How dead is the PBX really?

PBXs will be around awhile despite Microsoft's declaration that they're dead  

The role of the PBX is changing in importance, but it's still too early to issue a death certificate, according to Infonetics.

PBXs took a big hit when the economy faltered two years ago -- sales dropped 25% in 2009 -- and they have been struggling to rebound, says Matthias Machowinski, an analyst with Infonetics, but they are far from out, as Microsoft suggested last week with its announcement of its latest unified communications platform Lync 2010, a renaming of its Office Communications Server line.


The hope, apparently, is to convince customers that, "Lync is really ready to replace any PBX you have," as was claimed last week by Microsoft's Gurdeep Singh Pall, corporate vice president for Office, Lync and speech, who declared, "The era of the PBX, folks, is over."

The term PBX is used to talk about phone systems -- either TDM, IP or hybrid -- that handle voice-call control, a feature that is rolled to a greater or lesser degree in UC platforms.

Even by Microsoft's own count, the PBX has been lingering for years, at least since 2007 when it announced Office Communications Server 2007 and then-Chairman Bill Gates claimed it foreshadowed the demise of the PBX.

But PBX sales are still significant enough that Infonetics tracks them as a separate category in which Cisco, ShoreTel and Siemens are the leaders, he says, by virtue of their IP PBX sales. And while there may be a shift from PBXs toward UC, that's not likely to happen overnight.

For example, the shift from traditional TDM PBXs to IP PBXs has been ongoing for more than 10 years. But in the United States now, 75% of phone systems are now IP, so a quarter of them are still TDM, and among those IP PBXs, some use TDM technology with older phones, Machowinski notes. "My point is it's a big market and it takes time to change the trajectory of a market," he says.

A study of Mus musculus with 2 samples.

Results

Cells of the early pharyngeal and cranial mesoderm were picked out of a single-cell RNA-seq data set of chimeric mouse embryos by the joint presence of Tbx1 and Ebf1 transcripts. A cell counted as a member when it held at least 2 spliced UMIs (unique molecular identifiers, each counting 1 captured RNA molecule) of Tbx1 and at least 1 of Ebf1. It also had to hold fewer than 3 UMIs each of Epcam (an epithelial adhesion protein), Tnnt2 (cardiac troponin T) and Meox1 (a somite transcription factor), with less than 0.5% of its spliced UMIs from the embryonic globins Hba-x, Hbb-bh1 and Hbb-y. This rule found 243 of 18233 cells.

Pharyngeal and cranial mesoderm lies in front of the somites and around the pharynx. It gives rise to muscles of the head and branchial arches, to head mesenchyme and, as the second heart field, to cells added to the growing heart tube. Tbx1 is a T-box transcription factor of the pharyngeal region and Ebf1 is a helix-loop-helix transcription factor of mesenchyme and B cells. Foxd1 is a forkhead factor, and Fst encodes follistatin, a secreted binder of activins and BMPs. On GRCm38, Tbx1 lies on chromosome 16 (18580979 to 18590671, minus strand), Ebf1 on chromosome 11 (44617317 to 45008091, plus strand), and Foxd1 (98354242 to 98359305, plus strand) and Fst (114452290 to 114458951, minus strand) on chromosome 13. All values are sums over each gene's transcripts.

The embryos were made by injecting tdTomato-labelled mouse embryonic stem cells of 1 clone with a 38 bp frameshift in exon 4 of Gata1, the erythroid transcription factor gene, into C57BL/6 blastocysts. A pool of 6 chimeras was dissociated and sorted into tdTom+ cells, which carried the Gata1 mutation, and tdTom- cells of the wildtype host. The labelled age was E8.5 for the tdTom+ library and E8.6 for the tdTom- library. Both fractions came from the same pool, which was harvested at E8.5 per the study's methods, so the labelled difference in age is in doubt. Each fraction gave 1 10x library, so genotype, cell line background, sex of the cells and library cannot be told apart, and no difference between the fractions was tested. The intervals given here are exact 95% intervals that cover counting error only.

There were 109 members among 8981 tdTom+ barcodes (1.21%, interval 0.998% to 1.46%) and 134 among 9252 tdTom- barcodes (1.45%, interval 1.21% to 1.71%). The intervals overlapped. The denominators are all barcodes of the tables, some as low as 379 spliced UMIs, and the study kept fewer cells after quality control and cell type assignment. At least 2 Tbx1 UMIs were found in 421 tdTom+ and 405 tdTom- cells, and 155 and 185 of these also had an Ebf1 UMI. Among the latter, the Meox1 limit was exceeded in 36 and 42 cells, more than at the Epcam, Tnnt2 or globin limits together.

Shifting from PBXs to UC and collaboration platforms will take a long time as well, he says.

Making a distinction between pure PBXs that are voice-only and their eventual replacement by UC servers that support voice, video, instant messaging, e-mail, conferencing and collaboration is difficult. For example, Cisco's Unified Communications Manager counts as a PBX. So will Avaya's Aura communications server that was introduced this year once Avaya starts reporting revenues from it, he says.

It's difficult to sort out PBXs from UC, says Machowinski, because many vendor sell products that cross into both areas. But to avoid double-counting revenues gleaned from products, Infonetics sorts products into buckets for PBXs, communicators and UC applications.

Microsoft's Lync server -- which the company says can replace PBXs -- is counted as a UC platform by Infonetics. Part of the reason is that the platform evolved from desktop applications, but also because in practice most Micorsoft deployments in most cases are adjuncts to PBXs, Machowinski says.

In the pure PBX market, Cisco is in the lead with Shoretel and Siemens lagging behind. Cisco jumped into PBX sales with its IP PBX and has come to dominate relatively quickly, Machowinski notes. "The incumbents say if that could happen in 10 years with Cisco, what will happen with Microsoft in the next 10 years?”

Copyright © 2010 IDG Communications, Inc.